Thomas Nevins
Ballantine Books, 295 pages

The Age of the Conglomerates
Thomas Nevins
Thomas Nevins has been involved in the book business for most of his life, and is currently employed as a sales representative for Random House. He lives with his family in Brooklyn, New York.


A few years ago, the writer Allen Ashley put forward the idea of "second page syndrome," a tendency he saw among science fiction and fantasy writers to begin stories in the thick of the action, then pull back after one scene to explain the background, thereby losing the narrative momentum they'd built up. We've all read stories like that, I'm sure; but I can't recall one that illustrates Ashley's point as clearly as Thomas Nevins' first novel, The Age of the Conglomerates -- except that its problems begin on the first page rather than the second, and it barely has any narrative momentum to dissipate.

The background to Nevins' story is that the US economy has collapsed, and political power seized by the Conglomerates, "a group of chief executive officers who were united in greed" and now control the President, the currency, and pretty much everything else. The baby boomers (dubbed "Coots") are seen as an undesirable nuisance and symbol of what went wrong, and are now promptly shipped off to "retirement communities" in the south-western USA when they reach their eighties. Parents also have the option of declaring their children a "problem," at which point they'll be taken away to become a "Dyscard" in the subways of New York or somewhere (not that the Conglomerates will admit openly that this happens).

This background is summarised in the book's prologue, which effectively reads like a "story so far" section. This kind of strategy is just about acceptable in a multi-volume series, but comes across as amateurish in a stand-alone novel. However, the point of such explanation is surely to get us up to speed quickly, so we can move on to the good stuff. It would make up for the prologue if the rest of the book told a gripping story; unfortunately, that doesn't happen -- in The Age of the Conglomerates, the exposition never stops.

We view Nevins' future through the lives of the Salter family, who between them span the three sectors of society. Christine is on the side of the Conglomerates (at least to begin with) as the New York Medical Center's director of genetic development. She's sort of, maybe, could be in love with one of her staff, the brilliant Gabriel Cruz. They have a date for New Year's Eve, but it's about to be spoiled, because Cruz is up to something, and the authorities want to know what. Meanwhile, Christine's grandparents, George and Patsy, are on their way to a "retirement community," but George hopes that those in charge don't discover that his wife has dementia. Then there is Christine's estranged sister Ximena, who prefers to be called X, and is a Dyscard -- shortly to be joined by Gabriel Cruz.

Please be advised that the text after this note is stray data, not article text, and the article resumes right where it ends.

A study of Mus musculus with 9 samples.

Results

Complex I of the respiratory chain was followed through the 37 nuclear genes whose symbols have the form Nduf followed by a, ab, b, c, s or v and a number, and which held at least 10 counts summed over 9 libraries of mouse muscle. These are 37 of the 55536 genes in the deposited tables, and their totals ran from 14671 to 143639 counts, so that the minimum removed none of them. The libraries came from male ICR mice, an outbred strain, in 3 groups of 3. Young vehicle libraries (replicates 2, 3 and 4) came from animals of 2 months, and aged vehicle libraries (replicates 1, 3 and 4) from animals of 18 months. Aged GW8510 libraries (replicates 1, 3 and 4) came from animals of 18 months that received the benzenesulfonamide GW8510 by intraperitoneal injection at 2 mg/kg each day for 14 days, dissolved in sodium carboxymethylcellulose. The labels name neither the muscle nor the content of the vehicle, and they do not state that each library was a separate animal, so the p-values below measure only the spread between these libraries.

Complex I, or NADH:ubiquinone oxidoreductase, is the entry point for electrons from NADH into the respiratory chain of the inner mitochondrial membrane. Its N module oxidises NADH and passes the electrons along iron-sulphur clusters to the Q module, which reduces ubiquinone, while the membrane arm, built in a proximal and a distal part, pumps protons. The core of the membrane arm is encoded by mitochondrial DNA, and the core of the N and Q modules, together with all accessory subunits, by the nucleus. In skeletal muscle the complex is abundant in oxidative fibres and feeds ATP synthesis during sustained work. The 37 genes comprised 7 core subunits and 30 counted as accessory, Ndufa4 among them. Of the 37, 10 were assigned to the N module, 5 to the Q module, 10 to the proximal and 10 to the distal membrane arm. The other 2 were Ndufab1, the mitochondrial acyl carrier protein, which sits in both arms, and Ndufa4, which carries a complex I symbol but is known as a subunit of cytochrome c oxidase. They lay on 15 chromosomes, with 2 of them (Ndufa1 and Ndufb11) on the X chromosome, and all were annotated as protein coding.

What might have been a good story is ruined because far too much of it is told as exposition. To give two examples: at the end of the first chapter, Christine is cornered by agents of the National Security Council and shown into an elevator. Instead of continuing from there, the next time we meet her, she's at home, just fine; then Nevins explains what had happened to her, which turns out not to be much anyway. What an anticlimax. Then there's the period after Gabriel has been sent to join the Dyscards and tries to gain their trust. Instead of depicting how this happens, Nevins makes an info-dump of it, skating over everything Cruz has to do to prove himself. Techniques like this sap the narrative of its tension and completely fail to engage the reader.

Alas, that's not all: the characters and setting are paper-thin. The Conglomerates are general-purpose all-powerful bad guys who are not even given names; presumably this is intended to paint them as faceless authority figures, but instead it just makes them ciphers. The chairman, for instance, has no characterization beyond wanting everything for himself and not caring whom he tramples on to get it (he'd be twirling his moustache, if he had one). The Conglomerates are impossible to believe in. And the good guys are not much more developed. The only characters with any personality are A and Dee, the leaders of the Dyscards, but only because their dialogue is sprightly -- we get no true sense of the people they are.

Nor do we get any true sense of what the world is like. For all the exposition, Nevins renders the background sketchily. There's no real feel of a society behind the events of the novel, let alone of a world beyond the US. And the Coots' holding-pens and the subways of the Dyscards don't feel at all like real places. Any point that The Age of the Conglomerates might have had to make about society is lost because this world and its inhabitants are so obviously artificial, and because the telling is so clumsily handled by Nevins. There's simply no reason to care about what happens.

Towards the end of the novel, there's a flurry of activity (or at least a flurry of short passages that cut between the different protagonists), as the Conglomerates launch an attack on the Dyscards, and the Dyscards seek to transport some genetically-damaged babies to safety. But even this fails to grip; it's more like something that is on the TV in the background whilst you're doing something else. The Age of the Conglomerates is a wasted opportunity of a book; it is highly dispiriting that it has been published in its present form.

Copyright © 2009 David Hebblethwaite

David lives somewhere in England, where he reads a lot of books and occasionally does other things. He has published over a hundred reviews in various venues; you can find links to them all, and more besides, at his blog, Follow the Thread.